In the 19th century, a German author named Karl May wrote a series of novels set in the American West — which later influenced the worldview of Adolf Hitler.
Karl May (pronounced like “my”) lived many lives. A child of a large family, he would become a scholar, a thief, a prisoner and a bestselling author. Many of his readers likely remember him as a gun-toting, rough-and-tumble frontiersman of the American West who told tales of his experiences through storytelling. However, in that respect, May was largely a fraud.
The adventure novelist had never been to the American West. He never interacted with cowboys or Native populations. In fact, the closest he may have ever gotten was a seat at one of the international shows put on by Buffalo Bill.
But readers were too swept up in his adventures to believe May was telling anything but the truth. One Austrian-born German reader in particular escaped the harsh realities of life through the travels of May’s characters during his childhood — none other than Adolf Hitler. He reportedly spent so much time consuming May’s novels that it began to affect his schoolwork. And as Hitler grew to become the leader of the Nazi regime, he would still look to May’s popular characters Winnetou and Old Shatterhand to shape his worldview.
Karl May Creates His Own Character
Karl May was born in Saxony in 1842 to a very poor family, the fifth of 14 children. At the time, children had the choice of work or school, and May decided he wanted to be a teacher.
However, he was soon kicked out for stealing candle scraps he claimed were for his sister’s Christmas gift. Later, he was accused of stealing a pocket watch and lost his teaching license. To make ends meet, he became a grifter, impersonating an investigator checking for counterfeit money door-to-door, or as an executive that would order fine furs and pawn them under assumed names.
Eventually, May found his place as a writer, working as a freelancer before penning his novels. His most popular characters were Winnetou, an Apache chief, and Old Shatterhand, a cowboy.
Several of those novels were read countless times by Adolf Hitler during his childhood as a way to escape the drudgery of life. The escapism that the American West adventures of the pair provided a blueprint — first of exploration, but soon of something far more sinister.
How Karl May’s Fiction Captured Hitler’s Imagination
Scholars of the Third Reich note that Hitler’s creation of Polish ghettos as Germany invaded the country mirrored the way the Native people in May’s stories — and in real life — were forced onto reservations. Hitler also was said to admire the way white Americans had “gunned down” Native communities, reducing Indigenous populations from the millions to a few hundred thousands.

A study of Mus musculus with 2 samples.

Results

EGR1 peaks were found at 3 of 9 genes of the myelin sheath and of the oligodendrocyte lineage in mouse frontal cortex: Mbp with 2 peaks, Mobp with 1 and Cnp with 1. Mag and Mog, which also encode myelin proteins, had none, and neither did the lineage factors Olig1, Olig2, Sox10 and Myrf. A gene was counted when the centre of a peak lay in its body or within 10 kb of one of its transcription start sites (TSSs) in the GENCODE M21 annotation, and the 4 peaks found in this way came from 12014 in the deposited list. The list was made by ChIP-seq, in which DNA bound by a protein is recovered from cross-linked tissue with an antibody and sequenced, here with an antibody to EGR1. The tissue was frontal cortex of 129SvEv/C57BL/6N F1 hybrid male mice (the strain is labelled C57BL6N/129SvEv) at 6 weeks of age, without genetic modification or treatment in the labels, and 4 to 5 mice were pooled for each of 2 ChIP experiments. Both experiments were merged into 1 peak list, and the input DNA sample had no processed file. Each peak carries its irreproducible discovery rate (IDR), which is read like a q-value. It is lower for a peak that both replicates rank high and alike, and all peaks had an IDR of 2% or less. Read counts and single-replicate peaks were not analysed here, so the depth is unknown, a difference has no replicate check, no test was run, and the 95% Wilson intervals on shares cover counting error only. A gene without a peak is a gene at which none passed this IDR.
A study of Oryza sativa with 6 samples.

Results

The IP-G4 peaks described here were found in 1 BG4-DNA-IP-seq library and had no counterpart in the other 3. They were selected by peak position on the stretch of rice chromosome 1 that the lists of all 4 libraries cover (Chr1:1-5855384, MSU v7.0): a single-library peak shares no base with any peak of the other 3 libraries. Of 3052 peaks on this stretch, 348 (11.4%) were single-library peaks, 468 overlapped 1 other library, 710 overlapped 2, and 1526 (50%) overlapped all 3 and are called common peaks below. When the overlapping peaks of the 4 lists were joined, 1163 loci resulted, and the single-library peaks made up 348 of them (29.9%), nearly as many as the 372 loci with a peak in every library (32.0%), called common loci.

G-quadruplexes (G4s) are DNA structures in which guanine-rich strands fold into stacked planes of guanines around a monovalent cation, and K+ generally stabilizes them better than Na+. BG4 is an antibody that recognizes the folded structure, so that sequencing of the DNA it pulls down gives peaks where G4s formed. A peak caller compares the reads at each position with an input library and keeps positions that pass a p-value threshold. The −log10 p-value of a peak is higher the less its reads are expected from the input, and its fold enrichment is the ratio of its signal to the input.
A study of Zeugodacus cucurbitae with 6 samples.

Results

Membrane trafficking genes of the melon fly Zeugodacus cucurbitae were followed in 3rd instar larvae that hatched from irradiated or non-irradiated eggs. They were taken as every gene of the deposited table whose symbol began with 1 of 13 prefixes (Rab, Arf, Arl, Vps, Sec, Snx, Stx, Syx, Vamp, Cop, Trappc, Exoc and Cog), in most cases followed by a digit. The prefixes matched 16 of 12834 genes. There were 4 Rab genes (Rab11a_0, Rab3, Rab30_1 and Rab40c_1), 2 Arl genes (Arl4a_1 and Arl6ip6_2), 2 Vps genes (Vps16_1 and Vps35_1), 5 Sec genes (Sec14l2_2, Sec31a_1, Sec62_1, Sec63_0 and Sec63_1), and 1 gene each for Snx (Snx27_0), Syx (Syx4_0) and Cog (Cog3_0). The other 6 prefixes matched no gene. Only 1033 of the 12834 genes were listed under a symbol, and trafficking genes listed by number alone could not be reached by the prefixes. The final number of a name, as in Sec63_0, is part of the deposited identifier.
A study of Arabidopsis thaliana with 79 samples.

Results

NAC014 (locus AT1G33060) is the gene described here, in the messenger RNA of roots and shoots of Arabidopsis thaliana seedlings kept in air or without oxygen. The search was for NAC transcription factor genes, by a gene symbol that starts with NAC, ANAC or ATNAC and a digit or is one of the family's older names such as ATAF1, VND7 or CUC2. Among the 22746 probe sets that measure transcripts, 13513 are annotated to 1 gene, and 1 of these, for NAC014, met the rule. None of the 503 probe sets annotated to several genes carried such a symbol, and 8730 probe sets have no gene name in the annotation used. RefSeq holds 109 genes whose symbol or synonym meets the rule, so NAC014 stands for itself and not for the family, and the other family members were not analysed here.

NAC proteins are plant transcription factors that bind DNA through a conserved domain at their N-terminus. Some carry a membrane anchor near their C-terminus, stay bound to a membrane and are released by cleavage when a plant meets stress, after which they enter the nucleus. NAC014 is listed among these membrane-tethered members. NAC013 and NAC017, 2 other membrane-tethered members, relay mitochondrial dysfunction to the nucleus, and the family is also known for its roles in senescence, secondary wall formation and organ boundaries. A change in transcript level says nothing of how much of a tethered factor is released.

After a Nazi plane carrying battle plans went down in Belgium in 1939, Hitler fired many officers because of their carelessness, insisting that if they had read more May the mistake wouldn’t have been made. He also sent copies of May’s books to troops as they fought for control of Russia. Hitler believed Winnetou provided an example of tactical finesse and prudence.
It’s also been suggested that Hitler’s demand for advanced technology in German weapons stems from Old Shatterhand having the equivalent of an assault rifle to combat the “evils” of the West that used simpler weapons.
Albert Speer, a close ally of Hitler’s, said that during times of hopelessness, Hitler continued to reach for the novels for comfort.
Unsurprisingly, May’s Wild West stories were rooted in racism and power. Winnetou and the other Native people were written as incompetent and in need of white salvation. In fact, Winnetou willingly converted to Christianity before his death in the final novel.
Winnetou and Old Shatterhand only encounter Germans during their travels, and Hitler may have read this as “proof” that if Germans could maintain control, the world would be saved. Some of those close to Hitler claim that he spoke frequently about Karl May, often talking about how indebted to May he was.
Karl May’s Fall And Modern Rehabilitation
At the height of his career, May was one of the best-regarded popular fiction writers of his time. With the fortune he made from his stories, he built Villa Shatterhand in which to live out the rest of his life. In 1899, his earliest works were published without his permission, many of which skewed toward erotica. Worried his fans would no longer read his works, he sued for defamation of character.
But the case proved to be his demise, and his early life was soon discovered. He had told elaborate lies about being a frontiersman during the years he was really in jail for theft. In 1910, he wrote an autobiography to try to clear his name, and died two years later.
Though May’s reputation was tarnished, his stories remain popular. In the 1960s, Winnetou and Old Shatterhand made their way to the big screen as May’s books were turned into films.
Now, his works and life are celebrated at countless festivals throughout Germany. Though attendees recognize there are problems with May’s depictions of the West and of Native people and culture, the stories have become cult classics throughout Germany and across generations.
Still, it’s hard to forget the effect May had on the leader of Germany’s darkest hour.